President-elect Joe Biden on Wednesday took aim at President Donald Trump and the General Services Administration sought to employ a different approach to getting Trump to kickstart the transition by asserting it would not serve as a formal concession of his loss.
“There’s a whole lot of things we just don’t have available to us,” Biden said of his transition team’s inability to interface with the administration or receive critical data during a virtual roundtable with frontline workers.
Not wanting to get out ahead of Trump, who has refused to concede the election and pushed baseless claims of widespread fraud, GSA administrator Emily Murphy has withheld ascertainment of Biden’s victory, which would provide the transition team access to government staffers and information, as well as office space and $6.3 million in funding.
Biden asserted ascertainment would not equate to a formal certification of Trump’s loss and would not preclude him from continuing to contest the election, noting “the law… doesn’t require there to be an absolute winner. It says ‘apparent winner.’”
“We’ve been unable to get access to the kinds of things we need to know about the depth of the [medical supplies] stockpiles,” Biden said, adding that his team “knows there’s not much at all.”
Biden also said he has not been made aware of “when these vaccines come out, how they’ll be distributed, who is first in line, what the plan is,” predicting he would be “behind by weeks and months” on his vaccine distribution initiative if the GSA doesn’t ascertain his win soon.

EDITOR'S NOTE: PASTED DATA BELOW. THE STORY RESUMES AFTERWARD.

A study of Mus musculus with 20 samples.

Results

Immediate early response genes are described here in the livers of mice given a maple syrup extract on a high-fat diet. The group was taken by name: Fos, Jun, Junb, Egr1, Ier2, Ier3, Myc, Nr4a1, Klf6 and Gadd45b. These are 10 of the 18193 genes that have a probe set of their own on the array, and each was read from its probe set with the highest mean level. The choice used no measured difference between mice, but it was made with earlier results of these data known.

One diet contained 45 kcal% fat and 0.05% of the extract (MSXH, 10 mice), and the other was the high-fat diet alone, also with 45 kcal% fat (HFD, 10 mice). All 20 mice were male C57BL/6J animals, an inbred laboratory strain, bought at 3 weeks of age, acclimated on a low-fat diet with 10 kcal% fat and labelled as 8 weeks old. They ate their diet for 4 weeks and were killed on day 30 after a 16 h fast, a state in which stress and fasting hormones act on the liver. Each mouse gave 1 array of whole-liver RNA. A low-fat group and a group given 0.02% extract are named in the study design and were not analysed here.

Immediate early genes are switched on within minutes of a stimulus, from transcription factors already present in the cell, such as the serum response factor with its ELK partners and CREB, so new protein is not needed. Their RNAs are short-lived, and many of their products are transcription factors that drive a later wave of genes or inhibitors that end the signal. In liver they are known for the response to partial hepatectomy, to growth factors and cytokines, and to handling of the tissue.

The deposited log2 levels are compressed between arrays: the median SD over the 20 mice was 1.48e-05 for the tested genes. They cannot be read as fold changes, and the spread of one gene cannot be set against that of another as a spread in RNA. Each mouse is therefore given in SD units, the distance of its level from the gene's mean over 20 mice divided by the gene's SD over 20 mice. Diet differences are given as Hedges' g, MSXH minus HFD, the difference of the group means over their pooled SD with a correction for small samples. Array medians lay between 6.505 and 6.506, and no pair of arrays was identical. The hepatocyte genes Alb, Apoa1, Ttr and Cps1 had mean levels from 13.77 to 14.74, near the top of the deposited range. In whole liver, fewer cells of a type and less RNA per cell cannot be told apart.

“Biden team trying to give the GSA a way of starting the transition without it looking like she’s declaring him the victor,” Politico reporter Alex Thompson said of Biden’s comments about ascertainment not recognizing an “absolute winner.”
“I’m hoping the reason why my friends on the other side have not stepped up to do something is because of their fear of retribution from the president,” Biden said, adding, “hopefully, when he’s gone, they’ll be more willing to do what they know should be done.”
“Obviously, it’s something that we’re concerned about,” Dr. Anthony Fauci, the nation’s top infectious disease expert, said of the transition being blocked. “The virus is not going to stop and call a time-out while things change.”
Republicans in Congress have largely stood by Trump or remained silent despite numerous claims they privately acknowledge Biden’s victory – but there has been slippage. Five Republican senators have congratulated Biden – and another four have acknowledged the likelihood of his victory – as have ten GOP House members, six GOP governors, former President George W. Bush and former Vice President Dan Quayle. Several top Trump allies have also advocated for Biden to receive intelligence briefings or transition privileges.